Jigsaw follows two detectives attempting to save victims of a copycat serial killer that appears to be imitating the sadistic genius Jigsaw. While the victims suffer the vicious lessons of the traps set by the killer, the detectives must discover the secrets behind the new killer before it's too late.
I suppose in the grand scheme of the franchise, there isn't much to review here. In almost all ways, it's just a sequel to the Saw franchise and doesn't offer much outside of the other countless sequels to warrant discussion. But, the franchise has a knack for giving the viewers what they want: a plothole-riddled mystery sprinkled with plenty of gore.
This film carries the tradition and little else. For some, it's the intricate traps laced with sadistic absolution for the guilty party's sins. For others, it's trying to solve the mystery before the detectives do. If that's what you're looking for, you'll find plenty of both. But, it doesn't hold up well to some of the others in the franchise.
I think the first three films are great. The first film obviously has the most appeal because of its originality and guts (no pun intended). The second, despite introducing us to the reoccurring plothole of Jigsaw's omnipotent-esque ability to predict his victims' decisions, gave us a more expansive look into the world. The third helped bring together most of the first two films into a decent conclusion, with many of the decisions actually having right or wrong options. But after that, it's a clusterfudge of blood and deus ex machina.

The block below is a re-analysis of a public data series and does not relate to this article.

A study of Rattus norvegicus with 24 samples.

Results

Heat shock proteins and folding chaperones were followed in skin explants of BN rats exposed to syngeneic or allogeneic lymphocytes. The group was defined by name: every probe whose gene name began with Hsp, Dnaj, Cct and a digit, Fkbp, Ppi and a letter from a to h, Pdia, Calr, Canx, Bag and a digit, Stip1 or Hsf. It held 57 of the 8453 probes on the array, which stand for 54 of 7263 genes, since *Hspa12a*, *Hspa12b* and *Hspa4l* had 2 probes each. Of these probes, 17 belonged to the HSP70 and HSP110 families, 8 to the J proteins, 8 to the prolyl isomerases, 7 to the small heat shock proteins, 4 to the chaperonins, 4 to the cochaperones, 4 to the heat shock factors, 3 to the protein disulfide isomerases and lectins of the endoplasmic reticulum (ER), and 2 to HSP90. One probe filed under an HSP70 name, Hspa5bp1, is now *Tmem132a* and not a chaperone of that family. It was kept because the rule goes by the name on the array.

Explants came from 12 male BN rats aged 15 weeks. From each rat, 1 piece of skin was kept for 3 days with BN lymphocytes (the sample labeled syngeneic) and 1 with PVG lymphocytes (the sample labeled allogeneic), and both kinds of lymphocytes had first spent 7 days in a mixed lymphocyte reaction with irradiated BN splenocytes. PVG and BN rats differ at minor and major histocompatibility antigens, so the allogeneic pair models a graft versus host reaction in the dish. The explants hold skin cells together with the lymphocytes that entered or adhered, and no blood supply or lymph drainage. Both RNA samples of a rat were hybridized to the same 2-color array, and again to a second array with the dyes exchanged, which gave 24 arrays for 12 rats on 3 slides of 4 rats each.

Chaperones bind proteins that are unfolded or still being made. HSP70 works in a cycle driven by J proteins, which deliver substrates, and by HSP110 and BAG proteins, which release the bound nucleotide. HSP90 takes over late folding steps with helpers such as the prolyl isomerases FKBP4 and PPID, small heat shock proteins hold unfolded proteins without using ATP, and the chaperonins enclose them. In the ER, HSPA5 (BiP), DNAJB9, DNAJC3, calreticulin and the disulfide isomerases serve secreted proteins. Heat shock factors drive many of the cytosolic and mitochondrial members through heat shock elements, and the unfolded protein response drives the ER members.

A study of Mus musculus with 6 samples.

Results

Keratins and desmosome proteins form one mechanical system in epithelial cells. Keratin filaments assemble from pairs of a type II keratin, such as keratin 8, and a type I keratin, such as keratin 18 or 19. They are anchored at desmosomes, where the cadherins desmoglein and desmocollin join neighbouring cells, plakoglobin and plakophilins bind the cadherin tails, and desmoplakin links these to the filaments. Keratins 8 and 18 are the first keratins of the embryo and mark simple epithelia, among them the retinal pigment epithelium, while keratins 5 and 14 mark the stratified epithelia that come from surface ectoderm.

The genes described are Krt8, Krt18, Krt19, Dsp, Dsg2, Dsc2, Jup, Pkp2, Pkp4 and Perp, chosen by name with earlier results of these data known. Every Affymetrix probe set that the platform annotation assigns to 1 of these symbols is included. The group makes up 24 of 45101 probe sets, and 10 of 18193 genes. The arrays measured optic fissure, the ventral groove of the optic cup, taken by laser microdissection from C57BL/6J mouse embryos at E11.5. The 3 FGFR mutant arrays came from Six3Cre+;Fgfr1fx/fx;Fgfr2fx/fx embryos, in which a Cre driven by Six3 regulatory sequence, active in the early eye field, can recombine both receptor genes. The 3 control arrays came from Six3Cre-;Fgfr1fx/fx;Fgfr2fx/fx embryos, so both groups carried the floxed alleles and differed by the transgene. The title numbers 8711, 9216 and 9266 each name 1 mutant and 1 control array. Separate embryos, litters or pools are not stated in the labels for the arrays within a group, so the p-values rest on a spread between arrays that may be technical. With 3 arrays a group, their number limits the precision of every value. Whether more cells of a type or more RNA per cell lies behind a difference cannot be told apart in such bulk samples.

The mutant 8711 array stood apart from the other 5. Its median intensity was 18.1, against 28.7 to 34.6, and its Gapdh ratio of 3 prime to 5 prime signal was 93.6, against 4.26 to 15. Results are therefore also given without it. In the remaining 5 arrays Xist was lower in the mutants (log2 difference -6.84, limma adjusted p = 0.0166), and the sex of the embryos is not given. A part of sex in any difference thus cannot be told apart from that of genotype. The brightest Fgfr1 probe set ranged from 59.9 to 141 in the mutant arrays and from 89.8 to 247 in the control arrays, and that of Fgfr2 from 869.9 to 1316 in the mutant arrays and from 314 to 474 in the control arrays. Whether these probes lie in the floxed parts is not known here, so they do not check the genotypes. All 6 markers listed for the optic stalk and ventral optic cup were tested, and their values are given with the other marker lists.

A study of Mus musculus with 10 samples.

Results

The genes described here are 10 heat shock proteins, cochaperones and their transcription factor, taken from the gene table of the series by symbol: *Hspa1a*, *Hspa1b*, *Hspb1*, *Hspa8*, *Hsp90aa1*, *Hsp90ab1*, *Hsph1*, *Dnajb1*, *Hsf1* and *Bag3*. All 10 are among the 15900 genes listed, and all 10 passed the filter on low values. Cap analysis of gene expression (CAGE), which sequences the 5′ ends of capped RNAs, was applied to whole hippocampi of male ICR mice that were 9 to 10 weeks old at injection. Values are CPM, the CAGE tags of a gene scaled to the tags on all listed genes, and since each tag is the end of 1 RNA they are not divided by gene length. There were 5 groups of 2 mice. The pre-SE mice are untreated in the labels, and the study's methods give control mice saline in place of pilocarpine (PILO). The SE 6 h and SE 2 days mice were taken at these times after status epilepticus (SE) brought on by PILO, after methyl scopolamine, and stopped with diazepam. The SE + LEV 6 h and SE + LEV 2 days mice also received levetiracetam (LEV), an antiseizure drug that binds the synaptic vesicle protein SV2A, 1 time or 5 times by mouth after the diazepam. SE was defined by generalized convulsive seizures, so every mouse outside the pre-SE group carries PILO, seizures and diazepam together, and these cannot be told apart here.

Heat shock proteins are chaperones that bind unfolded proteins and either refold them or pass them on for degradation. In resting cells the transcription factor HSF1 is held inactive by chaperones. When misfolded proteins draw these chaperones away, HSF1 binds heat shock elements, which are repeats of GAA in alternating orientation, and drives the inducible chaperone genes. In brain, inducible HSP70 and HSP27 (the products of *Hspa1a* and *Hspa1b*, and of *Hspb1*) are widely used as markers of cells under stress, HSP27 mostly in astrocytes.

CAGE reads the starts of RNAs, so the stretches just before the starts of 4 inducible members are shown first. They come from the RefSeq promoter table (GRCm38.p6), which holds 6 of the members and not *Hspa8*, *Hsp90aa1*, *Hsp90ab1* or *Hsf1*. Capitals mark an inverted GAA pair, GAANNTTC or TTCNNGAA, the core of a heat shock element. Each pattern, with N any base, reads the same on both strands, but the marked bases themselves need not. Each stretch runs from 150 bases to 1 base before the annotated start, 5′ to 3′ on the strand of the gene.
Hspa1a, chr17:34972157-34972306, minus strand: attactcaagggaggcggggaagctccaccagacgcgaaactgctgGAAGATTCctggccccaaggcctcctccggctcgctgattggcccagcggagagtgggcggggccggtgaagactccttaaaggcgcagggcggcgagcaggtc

Which brings us to Jigsaw. The traps struggle more than ever with the dumbfounding need for human decision, to the point of human error. It's more evident than ever that Jigsaw has the ability to predict the future with his uncanny power to break down the minds of his victims. And it really takes you out of the movie. None of the traps are particularly exhilarating or creative. It looks like the idea pool is drying up.
The story feels a bit recycled as well, almost like a compiling of previous chapters, hoping that creates a unique experience, and it doesn't. What it comes down to is that this is more of the same. And that's enough for fans of the franchise that enjoy it for what it's worth. Strict horror purists moved on from the franchise long ago. I fall somewhere on the spectrum. I can enjoy them for what they're worth, but I long ago gave up on believing anything great was coming out of the franchise. It's run its course.